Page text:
At a time when Arab imperialism was growing in the Middle-East region and Central Asia in the seventh century, they couldn’t make much headway beyond Sindh in the Indian subcontinent. The primary reason for this resistance was the rule of the Imperial Pratihars who created a bulwark of defence against the marauding Islamic invaders bringing peace and stability in the region.
Their domain united all the Rajputs of Northern India and their feudatories included the Guhilots (Sisodiya) of Mewar, Chauhans of Shakambhari, Chandelas of Jejakabhukti, Kachwahas of Gwalior, Tomars of Delhi and Solankis of Gujarat. Yet this dynasty fails to find an honourable mention in our history books. That is the one of the biggest untold tragedies of Indian history.
So, who exactly were the Imperial Pratihars?
Genealogically, each of these linked themselves to Lord Ram’s brother Lakshmana, but the earliest historically known Pratihar was Harishchandra. The Ghatiyala inscription of 861 AD refers to him as a vipra (learned man). The branch of Imperial Pratihars was founded by, Nagbhatt I of Bhinmal (Abu), near the Rajasthan Gujarat border. Some of our textbooks wrongly refer to them as “Gurjar-Pratihars”. As per noted historian Prof. SR Sharma, the Imperial Pratihars never identified themselves as ‘Gurjar Pratihar’. Even though the dynasty was founded in the ancient Gurjara region (parts of Rajasthan and Gujarat), it subsequently ruled from Ujjain in MP and later Kannauj in UP (Sharma, Shanta Rani; Origin and Rise of the Imperial Pratihars of Rajasthan; p. 30). Historically, the phrase ‘Gurjar-Pratihar, was used only once by an Imperial Pratihar feudatory called Mathandev of Rajorgarh (Alwar, Rajasthan) in an Inscription for himself. Famous indologist F Kielhorn and BD Chattopadhyay identified this Alwar clan as Badgujar Rajputs (Epigraphia Indica, III, No. 36; Rajor Inscription of Mathandev VS 1016 by F Kielhorn).
Noted historian and freedom fighter KM Munshi wrote about the Imperial Pratihars as, ‘They all came from warrior clans between 550 and 700 AD in Gurjaradesa, of which the pivot was the region of Mount Abu’. He went on to write, ’the ultimate source of their greatness can be traced to the upsurgence of Gurjaradesa, modern Marwar, under Harichandra in c. 550 and the aggressive vigour which it acquired under Nagabhata I when he drove out the Arabs in c. 725 A.C.; their descendants survive today under the name of Rajputs’.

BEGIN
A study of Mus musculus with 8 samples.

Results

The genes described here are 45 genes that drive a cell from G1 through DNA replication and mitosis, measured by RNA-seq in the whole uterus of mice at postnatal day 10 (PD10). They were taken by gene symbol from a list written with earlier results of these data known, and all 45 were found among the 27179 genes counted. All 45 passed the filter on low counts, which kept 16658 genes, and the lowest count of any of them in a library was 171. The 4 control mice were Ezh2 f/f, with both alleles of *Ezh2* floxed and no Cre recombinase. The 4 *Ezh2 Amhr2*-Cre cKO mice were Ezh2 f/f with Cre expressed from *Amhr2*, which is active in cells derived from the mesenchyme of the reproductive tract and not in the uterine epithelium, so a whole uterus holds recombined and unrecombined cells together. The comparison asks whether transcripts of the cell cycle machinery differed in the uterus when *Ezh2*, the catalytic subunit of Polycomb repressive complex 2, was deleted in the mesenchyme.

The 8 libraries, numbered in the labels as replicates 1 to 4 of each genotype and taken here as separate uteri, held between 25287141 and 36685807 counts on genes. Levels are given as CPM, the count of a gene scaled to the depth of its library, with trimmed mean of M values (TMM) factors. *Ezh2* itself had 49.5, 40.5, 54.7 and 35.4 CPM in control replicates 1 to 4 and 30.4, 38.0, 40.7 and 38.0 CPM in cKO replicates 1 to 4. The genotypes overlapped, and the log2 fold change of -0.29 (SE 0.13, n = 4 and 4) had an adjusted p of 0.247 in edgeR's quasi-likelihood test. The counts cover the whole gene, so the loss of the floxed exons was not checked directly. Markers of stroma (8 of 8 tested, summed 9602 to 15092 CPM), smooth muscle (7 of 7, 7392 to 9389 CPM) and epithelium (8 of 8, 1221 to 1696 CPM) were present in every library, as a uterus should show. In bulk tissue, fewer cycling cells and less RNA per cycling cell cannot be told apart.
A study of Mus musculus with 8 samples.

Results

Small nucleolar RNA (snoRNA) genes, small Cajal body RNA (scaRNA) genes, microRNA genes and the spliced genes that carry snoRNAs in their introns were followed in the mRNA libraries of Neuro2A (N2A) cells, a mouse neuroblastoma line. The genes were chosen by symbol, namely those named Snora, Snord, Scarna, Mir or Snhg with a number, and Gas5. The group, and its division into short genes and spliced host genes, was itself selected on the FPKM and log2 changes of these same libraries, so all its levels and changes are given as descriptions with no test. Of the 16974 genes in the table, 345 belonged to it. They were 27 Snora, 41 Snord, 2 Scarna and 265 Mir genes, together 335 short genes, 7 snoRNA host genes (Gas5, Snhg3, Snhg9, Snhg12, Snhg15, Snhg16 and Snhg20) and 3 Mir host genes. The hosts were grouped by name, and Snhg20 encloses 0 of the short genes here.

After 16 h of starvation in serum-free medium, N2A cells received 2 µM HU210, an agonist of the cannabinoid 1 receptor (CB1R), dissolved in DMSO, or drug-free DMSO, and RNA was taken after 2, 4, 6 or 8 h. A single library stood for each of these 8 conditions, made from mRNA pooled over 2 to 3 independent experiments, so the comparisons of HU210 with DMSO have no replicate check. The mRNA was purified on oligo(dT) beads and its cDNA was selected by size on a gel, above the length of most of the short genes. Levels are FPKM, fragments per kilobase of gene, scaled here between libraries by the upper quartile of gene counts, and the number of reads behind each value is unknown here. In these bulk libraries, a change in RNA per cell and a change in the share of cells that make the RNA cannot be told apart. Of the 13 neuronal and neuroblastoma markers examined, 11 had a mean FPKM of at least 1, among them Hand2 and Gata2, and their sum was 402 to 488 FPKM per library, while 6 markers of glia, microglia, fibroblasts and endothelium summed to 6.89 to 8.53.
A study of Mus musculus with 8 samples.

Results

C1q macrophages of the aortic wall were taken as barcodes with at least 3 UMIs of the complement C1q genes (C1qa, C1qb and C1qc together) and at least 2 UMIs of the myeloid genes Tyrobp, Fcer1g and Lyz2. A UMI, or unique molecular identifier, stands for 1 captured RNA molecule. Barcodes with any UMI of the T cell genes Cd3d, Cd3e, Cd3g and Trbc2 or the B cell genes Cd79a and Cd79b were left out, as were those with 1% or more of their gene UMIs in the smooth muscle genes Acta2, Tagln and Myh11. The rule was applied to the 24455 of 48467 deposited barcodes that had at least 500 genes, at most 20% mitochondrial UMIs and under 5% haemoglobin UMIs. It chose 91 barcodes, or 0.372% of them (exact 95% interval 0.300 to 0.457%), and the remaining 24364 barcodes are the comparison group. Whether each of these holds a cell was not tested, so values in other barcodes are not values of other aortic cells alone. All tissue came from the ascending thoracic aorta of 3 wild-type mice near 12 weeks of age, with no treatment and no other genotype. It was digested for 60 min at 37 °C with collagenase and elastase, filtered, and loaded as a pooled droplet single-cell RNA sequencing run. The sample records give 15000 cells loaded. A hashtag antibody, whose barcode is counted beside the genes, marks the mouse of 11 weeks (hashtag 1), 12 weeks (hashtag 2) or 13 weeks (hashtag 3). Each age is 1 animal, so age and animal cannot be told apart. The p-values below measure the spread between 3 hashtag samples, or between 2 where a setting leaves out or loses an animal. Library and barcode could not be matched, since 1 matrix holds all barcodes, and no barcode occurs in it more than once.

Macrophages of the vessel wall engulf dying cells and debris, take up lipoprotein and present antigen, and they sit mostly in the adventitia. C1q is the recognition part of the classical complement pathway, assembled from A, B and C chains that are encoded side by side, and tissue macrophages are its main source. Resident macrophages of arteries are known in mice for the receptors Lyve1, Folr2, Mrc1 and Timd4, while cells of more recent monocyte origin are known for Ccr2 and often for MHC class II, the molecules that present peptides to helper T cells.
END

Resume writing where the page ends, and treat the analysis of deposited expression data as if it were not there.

The Gallaka inscription (795 CE) notes that Nagbhatt I (730-760 CE), defeated the invincible Gurjara rulers from Bharuch (Epigraphia Indica XLI, p. 49-57). After his conquest of Gurjara pradesh, his contemporaries called Nagbhatt I as Gurjareshwar i.e. Lord of Gurjara region. His grandnephew Vatsraja Pratihar (780 -800 CE) shifted the capital to Ujjain in Malwa. The Gallaka inscription also attests both Nagbhatt I, and Vatsraja having defeated Arab forces (Shanta Rani, p. 69 & 82). Tripartite Struggle with Rashtrakuts (Rathores) and Palas resulted in Pratihars winning Kannauj and making it their capital.
It was under Bhoja I or Mihirbhoj Pratihar (836-885 CE) that their empire was at their peak, stretching from the foot of the Himalayas in the north to the Narmada River in the south, and from the Sutlej River in the northwest to Bengal in the east. The Barah Copper Plate Inscription (836 CE) introduces him as “Param Bhagavati Bhakto Maharaja Bhojdev”. He was described by the Arab Chronicler Sulaiman (851 CE) as, “Among the princes of India, there is no greater foe of the Islamic faith than him.” Mihirbhoj Parihar also constructed the famous Teli ka Mandir of Gwalior. After fighting for over two centuries, against the Islamic invasions of the west and Ghaznavid invasions in the Northwest, the dynasty eventually fell in decline resulting in the independence of several Rajput states like Mandore Pratihars, Delhi Tomars, Shakambhari Chauhans, Patan Solankis, and Chandels.
The Pratihar Rajputs of Kannauj were succeeded by several cadet-lineages in the vicinity, namely the Gwalior-Narwar Parihar, Chanderi and Nagod-Unchahara dynasties. The Parihar dynasty of Gwalior is attested by the 1150 inscription of Ramdeo and 1194 inscription of Lohanga-Deva (EI XXXVIII Part I,p. 134). In 1232 CE, the Gwalior Pratihar dynasty met its end with the invasion of Iltutmish. The Jauhar Kund at northern end of Gwalior Fort marked the first recorded Jauhar among any Rajput group. Two rock-cut inscriptions of Parihar Rajput rulers from Chanderi, Malwa, bear witness to the second branch. The famous general of Rana Sanga, Medini Rai who regained control of Chanderi in exchange for his services, is believed to be from this branch (Arvind Kumar Singh, Later Pratihar Rulers and their Inscriptions, Itihas Darpan XV (2) -2010, p. 60).
A third sub-branch from Kannauj established itself between Mahu (Charkhari) and Mahoba, they were later pushed eastwards by the Chandels. This branch under Veerrajdeo Parihar established the Nagod State with its capital at Unchehara in 1344. This Parihar (apabhramsa for Pratihar) state in Satna district in Baghelkhand, remained the last vestige of Pratihar power till 1947 (History, Satna District, The Imperial Gazetter, p. 300-301)
The reign of the Imperial Pratihars was the golden period of what historians termed as the ‘Rajput Era’. It comes as a huge surprise that a glorious stable Hindu empire existed for more than two centuries under the face of Islamic invasions. Yet our political establishment and successive governments have indulged in reckless distortion of history, let alone recognise the role of Imperial Pratihars in our textbooks, due to vote-bank politics.